Hospitals are already seeing unpaid bills rise again just as Congress begins to consider again the future of cost-sharing reductions that help low income Americans pay their co-payments and deductibles under the Affordable Care Act, according to Forbes:
At HCA Holdings, the nation’s largest hospital chain, says its uncompensated care including bad debt and charity care are rising faster this year than last. HCA owns 177 hospitals and 119 surgery centers in 20 states.
“We’re seeing roughly a 4% to 5% growth in uninsured admissions,” HCA chief financial officer William Rutherford said during the company’s second-quarter earnings call. “That’s a little higher than we ran in the last half of 2016 and first quarter.”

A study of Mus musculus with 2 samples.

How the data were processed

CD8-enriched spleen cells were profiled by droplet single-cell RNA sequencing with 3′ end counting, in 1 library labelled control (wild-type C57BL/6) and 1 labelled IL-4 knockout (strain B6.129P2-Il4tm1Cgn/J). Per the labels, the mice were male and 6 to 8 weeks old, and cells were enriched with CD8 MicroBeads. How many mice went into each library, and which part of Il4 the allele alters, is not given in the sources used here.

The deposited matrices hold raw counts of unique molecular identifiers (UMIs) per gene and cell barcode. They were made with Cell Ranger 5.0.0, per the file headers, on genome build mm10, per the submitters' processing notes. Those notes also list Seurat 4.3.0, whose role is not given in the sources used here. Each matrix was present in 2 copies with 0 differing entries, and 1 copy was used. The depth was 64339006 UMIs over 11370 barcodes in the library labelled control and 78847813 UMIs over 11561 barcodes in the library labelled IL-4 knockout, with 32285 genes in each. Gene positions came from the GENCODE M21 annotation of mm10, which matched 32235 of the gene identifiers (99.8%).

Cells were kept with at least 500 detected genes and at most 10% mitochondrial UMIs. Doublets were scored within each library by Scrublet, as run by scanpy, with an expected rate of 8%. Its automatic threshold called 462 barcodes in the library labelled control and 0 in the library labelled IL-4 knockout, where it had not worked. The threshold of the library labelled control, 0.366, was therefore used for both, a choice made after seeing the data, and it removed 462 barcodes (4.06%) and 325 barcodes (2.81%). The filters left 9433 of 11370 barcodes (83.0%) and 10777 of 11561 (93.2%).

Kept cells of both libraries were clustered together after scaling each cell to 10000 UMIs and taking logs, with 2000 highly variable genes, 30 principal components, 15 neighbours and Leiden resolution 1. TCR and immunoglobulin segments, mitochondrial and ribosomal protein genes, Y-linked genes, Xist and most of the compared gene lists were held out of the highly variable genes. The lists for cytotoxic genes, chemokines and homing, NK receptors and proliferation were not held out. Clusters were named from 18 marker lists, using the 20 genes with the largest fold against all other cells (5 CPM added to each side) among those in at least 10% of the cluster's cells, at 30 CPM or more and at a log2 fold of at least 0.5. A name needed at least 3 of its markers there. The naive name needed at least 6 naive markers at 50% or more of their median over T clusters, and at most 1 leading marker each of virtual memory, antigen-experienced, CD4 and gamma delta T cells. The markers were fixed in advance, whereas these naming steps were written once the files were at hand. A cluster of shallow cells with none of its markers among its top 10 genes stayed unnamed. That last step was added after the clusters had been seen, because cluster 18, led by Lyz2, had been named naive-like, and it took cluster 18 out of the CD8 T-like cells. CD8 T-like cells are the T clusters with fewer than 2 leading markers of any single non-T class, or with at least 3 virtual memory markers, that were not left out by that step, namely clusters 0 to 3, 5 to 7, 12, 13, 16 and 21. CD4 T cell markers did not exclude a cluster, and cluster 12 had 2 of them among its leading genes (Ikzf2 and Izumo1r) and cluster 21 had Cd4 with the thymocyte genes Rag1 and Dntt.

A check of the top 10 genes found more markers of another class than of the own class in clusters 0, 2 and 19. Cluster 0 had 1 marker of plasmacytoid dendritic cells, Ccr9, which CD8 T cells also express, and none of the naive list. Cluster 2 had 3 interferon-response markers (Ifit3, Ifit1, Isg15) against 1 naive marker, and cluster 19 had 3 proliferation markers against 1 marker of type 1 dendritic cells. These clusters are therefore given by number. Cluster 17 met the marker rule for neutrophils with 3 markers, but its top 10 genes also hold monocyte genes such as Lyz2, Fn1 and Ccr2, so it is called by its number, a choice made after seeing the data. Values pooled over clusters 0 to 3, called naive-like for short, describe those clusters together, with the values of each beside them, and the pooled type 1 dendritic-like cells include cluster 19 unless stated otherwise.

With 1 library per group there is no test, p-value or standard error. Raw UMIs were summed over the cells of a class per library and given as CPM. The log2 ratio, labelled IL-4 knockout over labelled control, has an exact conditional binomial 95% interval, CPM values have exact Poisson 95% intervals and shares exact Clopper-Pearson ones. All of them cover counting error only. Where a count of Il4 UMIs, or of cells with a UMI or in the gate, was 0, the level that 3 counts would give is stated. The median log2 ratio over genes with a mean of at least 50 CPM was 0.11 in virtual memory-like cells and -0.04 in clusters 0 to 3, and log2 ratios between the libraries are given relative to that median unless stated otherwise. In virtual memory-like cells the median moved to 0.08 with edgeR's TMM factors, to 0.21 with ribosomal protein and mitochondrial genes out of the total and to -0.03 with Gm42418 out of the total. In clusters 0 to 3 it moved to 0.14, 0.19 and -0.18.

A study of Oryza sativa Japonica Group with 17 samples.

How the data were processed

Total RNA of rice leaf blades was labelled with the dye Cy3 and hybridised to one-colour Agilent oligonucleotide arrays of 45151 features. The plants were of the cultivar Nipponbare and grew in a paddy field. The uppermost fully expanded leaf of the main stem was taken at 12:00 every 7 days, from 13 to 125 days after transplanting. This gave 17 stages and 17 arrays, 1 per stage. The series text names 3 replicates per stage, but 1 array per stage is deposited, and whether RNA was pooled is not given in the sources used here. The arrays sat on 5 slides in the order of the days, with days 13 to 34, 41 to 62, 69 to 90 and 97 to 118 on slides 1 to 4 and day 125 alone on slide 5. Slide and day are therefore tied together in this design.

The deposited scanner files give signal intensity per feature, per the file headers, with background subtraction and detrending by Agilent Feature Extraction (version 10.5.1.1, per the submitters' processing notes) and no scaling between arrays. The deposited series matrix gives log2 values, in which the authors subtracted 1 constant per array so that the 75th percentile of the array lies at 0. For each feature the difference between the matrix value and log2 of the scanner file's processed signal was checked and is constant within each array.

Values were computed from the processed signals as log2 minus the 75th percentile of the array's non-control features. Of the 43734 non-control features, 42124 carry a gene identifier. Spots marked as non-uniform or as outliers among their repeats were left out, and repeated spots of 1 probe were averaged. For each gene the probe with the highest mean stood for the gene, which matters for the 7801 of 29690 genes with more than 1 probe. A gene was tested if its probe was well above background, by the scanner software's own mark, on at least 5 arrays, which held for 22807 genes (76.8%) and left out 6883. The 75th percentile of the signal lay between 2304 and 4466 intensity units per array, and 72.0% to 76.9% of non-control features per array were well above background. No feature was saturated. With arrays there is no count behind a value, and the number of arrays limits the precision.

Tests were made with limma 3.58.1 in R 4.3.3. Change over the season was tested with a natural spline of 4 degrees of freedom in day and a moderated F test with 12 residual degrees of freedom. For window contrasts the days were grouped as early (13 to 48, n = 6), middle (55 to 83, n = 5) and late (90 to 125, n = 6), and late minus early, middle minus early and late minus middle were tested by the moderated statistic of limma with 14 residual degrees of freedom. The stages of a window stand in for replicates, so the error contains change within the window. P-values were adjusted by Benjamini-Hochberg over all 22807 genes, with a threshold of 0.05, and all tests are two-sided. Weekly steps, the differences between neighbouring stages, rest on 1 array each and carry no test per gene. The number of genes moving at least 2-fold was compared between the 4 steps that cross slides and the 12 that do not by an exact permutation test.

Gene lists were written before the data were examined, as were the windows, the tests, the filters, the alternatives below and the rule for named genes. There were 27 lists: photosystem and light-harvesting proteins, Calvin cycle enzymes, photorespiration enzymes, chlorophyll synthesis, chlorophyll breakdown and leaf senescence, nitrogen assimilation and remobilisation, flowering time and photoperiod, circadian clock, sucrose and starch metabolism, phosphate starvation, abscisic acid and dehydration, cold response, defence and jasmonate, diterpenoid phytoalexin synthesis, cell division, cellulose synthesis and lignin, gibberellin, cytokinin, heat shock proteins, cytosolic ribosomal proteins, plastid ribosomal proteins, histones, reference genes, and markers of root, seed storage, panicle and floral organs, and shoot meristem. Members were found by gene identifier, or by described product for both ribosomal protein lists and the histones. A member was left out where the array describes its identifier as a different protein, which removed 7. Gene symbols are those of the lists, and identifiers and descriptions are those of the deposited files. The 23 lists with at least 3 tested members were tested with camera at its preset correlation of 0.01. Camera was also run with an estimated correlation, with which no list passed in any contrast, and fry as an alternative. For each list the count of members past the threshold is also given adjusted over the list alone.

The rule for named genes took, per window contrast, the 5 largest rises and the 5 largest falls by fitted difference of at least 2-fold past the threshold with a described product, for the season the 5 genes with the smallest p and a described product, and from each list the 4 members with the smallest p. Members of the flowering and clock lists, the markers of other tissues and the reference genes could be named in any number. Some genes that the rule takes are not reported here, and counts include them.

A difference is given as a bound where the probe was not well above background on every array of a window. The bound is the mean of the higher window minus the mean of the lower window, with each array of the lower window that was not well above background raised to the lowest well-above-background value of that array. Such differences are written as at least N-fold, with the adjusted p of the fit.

Another large for-profit hospital operator, Tenet Healthcare said uncompensated care costs that dropped from 2015 to 2016 are now on the rise. “In our hospitals, volumes have been softer than anticipated and an increase in uninsured revenue has resulted in upward pressure on uncompensated care expense,” Tenet CFO Daniel Cancelmi said on the company’s second-quarter earnings call.
Unpaid hospital bills could continue to pile up even faster if President Trump and Congress don’t make a longer-term commitment to making the cost-sharing payments.
Without this cost-sharing, Obamacare customers won’t be shielded from their deductibles and co-payments and face cost increases of 20%-25% or more. Hospitals worry that patients will drop coverage — or at the very least be unable to pay their share of medical expenses.